Janet Smith (Gloria Talbott) has come to England to her old family home, a mansion in the middle of the countryside, to see about her inheritance. She has brought her fiancé George Hastings (John Agar) with her for moral support, and on arrival there they are greeted at the door by the towering handyman Jacob (John Dierkes) who silently observes them and unnerves them too, until housekeeper Mrs Merchant (Martha Wentworth) intervenes and makes the couple feel more at home. It is here the old friend of the family and local doctor Lomas (Arthur Shields) appears, and hints he knows more about the mysterious past of Janet's father...
This was a B-movie from perhaps the greatest B-movie director of them all, though some will plump for Joseph H. Lewis, and as the work of Edgar G. Ulmer, for it was he, it has received more attention than many other cheapo horrors and science fiction pics have down the years. However, that was not to say every film helmed by him was a gem worthy of his fans' adulation, for even great auteurs have their off days, and while Daughter of Dr. Jekyll was amusing in its tacky manner, it was no unsung classic from the Golden Age of the Hollywood support feature. Though to be fair, that was largely down to one bizarre choice you cannot imagine was Ulmer's.
For some reason the film was topped and tailed with a seriously cheesy pair of bookends, which basically blew the surprise twist that occurred near the end. The identity of the villain, while it was something that maybe was not too difficult to work out, was given away within seconds of the film starting in a jokey manner that even William Castle would have balked at, so we could all see the werewolf who was rampaging through the plot was not the title character, but the Dr Lomas one. Once you were aware of that, it only remained to find out how he was doing what he was doing, with even the whys and wherefores somewhat murky, aside from the inheritance.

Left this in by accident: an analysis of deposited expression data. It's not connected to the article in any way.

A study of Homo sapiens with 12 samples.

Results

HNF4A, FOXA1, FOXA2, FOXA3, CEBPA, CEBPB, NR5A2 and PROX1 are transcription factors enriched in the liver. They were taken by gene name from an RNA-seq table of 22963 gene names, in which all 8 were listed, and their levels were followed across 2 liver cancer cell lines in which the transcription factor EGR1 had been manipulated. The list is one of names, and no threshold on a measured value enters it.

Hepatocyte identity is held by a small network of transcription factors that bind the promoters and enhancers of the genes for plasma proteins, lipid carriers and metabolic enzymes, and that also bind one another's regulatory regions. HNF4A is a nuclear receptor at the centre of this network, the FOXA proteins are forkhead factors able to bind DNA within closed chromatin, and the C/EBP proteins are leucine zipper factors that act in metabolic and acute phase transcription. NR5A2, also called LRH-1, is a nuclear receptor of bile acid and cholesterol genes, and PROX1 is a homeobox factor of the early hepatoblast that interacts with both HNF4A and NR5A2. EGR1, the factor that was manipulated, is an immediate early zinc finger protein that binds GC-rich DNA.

That plot had Janet, having presumably had her name changed when she was a little girl to protect her identity, discovering via Lomas's "kindness and concern" that her father was the famed Dr. Jekyll (a name nobody in the film can settle on one way to pronounce). He had taken a self-created potion that turned him into Mr Hyde, that we all know, but what we were not aware of was the evil Mr Hyde was a werewolf (!). Now, the connection between the werewolf myth and the Robert Louis Stevenson book may not be too much of a stretch, they both involve good men transforming into monsters after some malign influence after all, but the original novel was not so explicit, and more interested in moral dilemmas on a human scale rather than mankind giving in to the bestial side of his character.
So really this was a wolfman flick, despite posing as a wolfwoman flick, similar to the previous decade's She-Wolf of London of which this resembled a loose remake, not unusual in the low budget end of the motion picture business but something you kind of liked to think Ulmer was a little better than, no matter the poverty of his budget and resources. Janet keeps waking up with blood on her nightdress and scratches on her arms, as not coincidentally various young ladies from around the area are being found dead, attacked and ravaged by some unknown beast. Except we do know the beast thanks to the decision to ruin the suspense at the beginning of the movie. If you did persevere, Talbott did put in a creditable performance of a panicked woman alarmed she is afflicted with madness (you can tell she enjoyed this role, which she did), though Agar was a bit of a plank (in a loud jacket, even for black and white), and Shields was absurd as the avuncular (but not) prime suspect. It passed the time for aficionados.